Glasgow University secured a seventh Taxis Cup in succession in dramatic circumstances as they narrowly defeated their closest rivals Strathclyde on a memorable day of sport across the city.
In recent times, Glasgow have made a habit of defeating their arch rivals by the narrowest of margins in the biggest sporting day on the calendar and as the day progressed it became apparent that 2017 would be no different. It proved a tumultuous day of sport with Glasgow relying upon some key victories from the Riding, Hares and Hounds, and Trampoline Clubs as more established teams failed to live up to expectations in disappointing defeats. This included the Men’s Rugby Club, whose defeat 7-17 to Strathclyde in their decider crushed any hopes of the team achieving an unprecedented treble as they aim to add the BUCS Trophy to their League title. Victory in the Men’s Rugby was one of a number of unexpected Strathclyde wins which left the final result hanging in the balance.
“Well obviously delighted. Seven in a row is a massive achievement, so a massive well done to everyone of our athletes who competed today.” Remarked a relieved GUSA President, Ruari Thomson. “A massive well done to Strathclyde and Caley too. It was much too close for my liking but we are just delighted to get away with the win.” Thomson could not help but show his delight in front of the gathered crowd at Scotstoun, the main host venue for this year’s event, as a dramatic day came to a memorable climax and a despondent Strathclyde were left to rue missed opportunities to end their Taxis Cup drought.
The day began in promising fashion for Glasgow as the Riding Club retained their title for a third year in-a-row to match the victories of the Ski and Snowboard and Hares and Hounds Clubs from last week to give champions a healthy lead heading into the afternoon of sport and on course to retain their title with ease. However, spurned on by their wonderful team spirit, Strathclyde suddenly began to turn the tide their way and impressive victories in the Women’s Basketball, Men’s and Women’s Hockey events, and most surprisingly in the Men’s Rugby had Glasgow on the backfoot as events kicked off at Scotstoun. The hapless Glasgow Caledonian University found themselves already down and out by this point and would only muster four second placed finishes across twenty-one events. Although that was two more second places than last year, a number of damaging defeats, such as the Men’s Rugby where they ended the day with a mere 5 points to their 133 lost, and failure to show up for the Women’s Football and Golf did little to suggest that the gap between Caley and their rivals is closing.
As more and more events took place, Glasgow’s title looked in ever-increasing danger as Strathclyde secured further success in the Men’s Football, Golf, and Tennis and Glasgow found themselves a lowly third in the Men’s Basketball, a competition they had won in 2016. The Men’s Football was lost in dramatic circumstances as Strathclyde survived an onslaught during the match before downing Glasgow on penalties, much to the frustration of club captain, Tom Middlemass. As the afternoon turned to evening, Strathclyde looked the more likely team to win the title and Glasgow remained reliant on the Athletics, Swimming, and Badminton events to give themselves any chance. Normally a banker, the Athletics looked to be in danger when a dropped baton in the women’s 4x100m relay gave a crucial race victory to Strathclyde in front of an excited crowd at Scotstoun, but Glasgow retained that event in the end. As the attention turned to the badminton finale, where world ranked Matthew Carder, of Glasgow, and Alex Dunn, of Strathclyde, would face off in a potentially tournament deciding clash, it was impossible to tell whose name would be etched onto the trophy.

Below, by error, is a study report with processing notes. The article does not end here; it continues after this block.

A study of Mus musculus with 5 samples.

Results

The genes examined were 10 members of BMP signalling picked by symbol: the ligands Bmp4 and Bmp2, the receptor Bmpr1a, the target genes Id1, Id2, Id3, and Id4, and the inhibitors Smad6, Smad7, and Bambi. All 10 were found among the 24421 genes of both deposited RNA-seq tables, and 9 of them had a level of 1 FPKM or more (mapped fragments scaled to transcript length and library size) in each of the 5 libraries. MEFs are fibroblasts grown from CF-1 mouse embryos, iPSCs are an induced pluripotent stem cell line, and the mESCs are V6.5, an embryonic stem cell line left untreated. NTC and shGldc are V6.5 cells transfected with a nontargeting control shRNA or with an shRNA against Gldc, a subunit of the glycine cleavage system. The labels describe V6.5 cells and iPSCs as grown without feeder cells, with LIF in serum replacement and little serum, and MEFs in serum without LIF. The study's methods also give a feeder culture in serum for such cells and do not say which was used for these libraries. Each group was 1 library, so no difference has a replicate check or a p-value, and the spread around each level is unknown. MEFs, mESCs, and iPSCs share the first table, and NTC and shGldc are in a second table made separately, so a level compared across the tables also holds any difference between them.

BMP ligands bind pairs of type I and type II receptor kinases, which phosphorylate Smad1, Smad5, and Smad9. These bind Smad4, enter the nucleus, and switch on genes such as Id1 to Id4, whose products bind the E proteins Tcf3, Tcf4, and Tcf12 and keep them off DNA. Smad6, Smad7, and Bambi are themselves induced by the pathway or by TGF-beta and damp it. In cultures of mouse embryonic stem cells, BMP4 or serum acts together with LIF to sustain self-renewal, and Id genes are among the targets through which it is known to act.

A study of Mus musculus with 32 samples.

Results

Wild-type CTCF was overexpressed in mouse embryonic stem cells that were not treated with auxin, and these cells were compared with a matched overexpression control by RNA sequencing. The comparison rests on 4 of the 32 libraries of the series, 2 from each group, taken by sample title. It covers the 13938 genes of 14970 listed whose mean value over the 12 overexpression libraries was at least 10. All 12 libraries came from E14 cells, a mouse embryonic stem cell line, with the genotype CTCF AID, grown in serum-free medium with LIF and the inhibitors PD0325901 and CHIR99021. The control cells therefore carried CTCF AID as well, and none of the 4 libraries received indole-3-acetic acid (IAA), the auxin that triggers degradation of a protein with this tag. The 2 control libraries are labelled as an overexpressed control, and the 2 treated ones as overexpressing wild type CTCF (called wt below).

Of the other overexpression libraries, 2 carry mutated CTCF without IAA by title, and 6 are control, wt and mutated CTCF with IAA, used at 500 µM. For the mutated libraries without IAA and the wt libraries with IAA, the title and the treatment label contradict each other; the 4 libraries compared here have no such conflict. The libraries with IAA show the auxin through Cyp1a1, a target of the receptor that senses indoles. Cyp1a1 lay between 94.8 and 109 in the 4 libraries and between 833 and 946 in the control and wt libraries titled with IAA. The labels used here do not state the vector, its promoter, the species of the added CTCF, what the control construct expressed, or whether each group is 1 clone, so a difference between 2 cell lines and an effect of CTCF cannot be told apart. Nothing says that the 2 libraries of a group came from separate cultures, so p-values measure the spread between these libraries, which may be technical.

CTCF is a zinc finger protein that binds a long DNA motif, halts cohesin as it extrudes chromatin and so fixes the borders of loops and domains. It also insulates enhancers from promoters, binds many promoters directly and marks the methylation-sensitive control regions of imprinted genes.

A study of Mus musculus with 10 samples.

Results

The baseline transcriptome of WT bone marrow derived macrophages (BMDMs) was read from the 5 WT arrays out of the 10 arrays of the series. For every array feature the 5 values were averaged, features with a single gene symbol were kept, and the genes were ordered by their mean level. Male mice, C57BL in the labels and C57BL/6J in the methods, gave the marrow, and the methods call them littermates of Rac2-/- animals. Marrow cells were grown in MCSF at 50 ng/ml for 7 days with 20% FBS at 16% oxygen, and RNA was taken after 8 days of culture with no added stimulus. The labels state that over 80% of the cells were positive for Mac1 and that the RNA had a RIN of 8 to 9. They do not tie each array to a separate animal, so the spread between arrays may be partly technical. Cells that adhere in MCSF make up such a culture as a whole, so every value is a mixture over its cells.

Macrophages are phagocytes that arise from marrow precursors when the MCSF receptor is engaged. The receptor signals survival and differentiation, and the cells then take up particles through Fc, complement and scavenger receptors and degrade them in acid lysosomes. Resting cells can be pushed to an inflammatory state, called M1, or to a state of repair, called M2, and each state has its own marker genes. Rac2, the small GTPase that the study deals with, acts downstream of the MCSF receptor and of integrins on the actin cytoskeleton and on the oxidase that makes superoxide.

It would be Carder who would win the clash of titans in nail-biting fashion as he defeated Dunn in three tight sets, but by this point the final event had already been wrapped up by those in maroon meaning that Glasgow would have to rely upon results from earlier in the day to decide their fate. As the crowd converged on the trophy presentation, those in black and gold frantically tried to work out if key victories in Swimming, Netball, and Women’s Football had been enough to retain their title. After some delay, the announcement was finally made to euphoric cheers: Glasgow had done it once again.
Reacting to the victory, Jamie Taylor, the Sport Development Co-Ordinator at Glasgow, said, “it’s fantastic that Glasgow have retained the Glasgow Taxis Cup for a seventh year in a row and also a bit of a relief for Ruari (Thomson) to continue this winning streak.” Before the tournament, Thomson had joked that he had nothing to gain and everything to lose based on the result. “I think the Glasgow strength across the board was what made the difference, it was extremely close with only a few points remaining so even the sports that we didn’t win played a huge role in keeping our overall score ticking over and eventually pull away from Strathclyde.”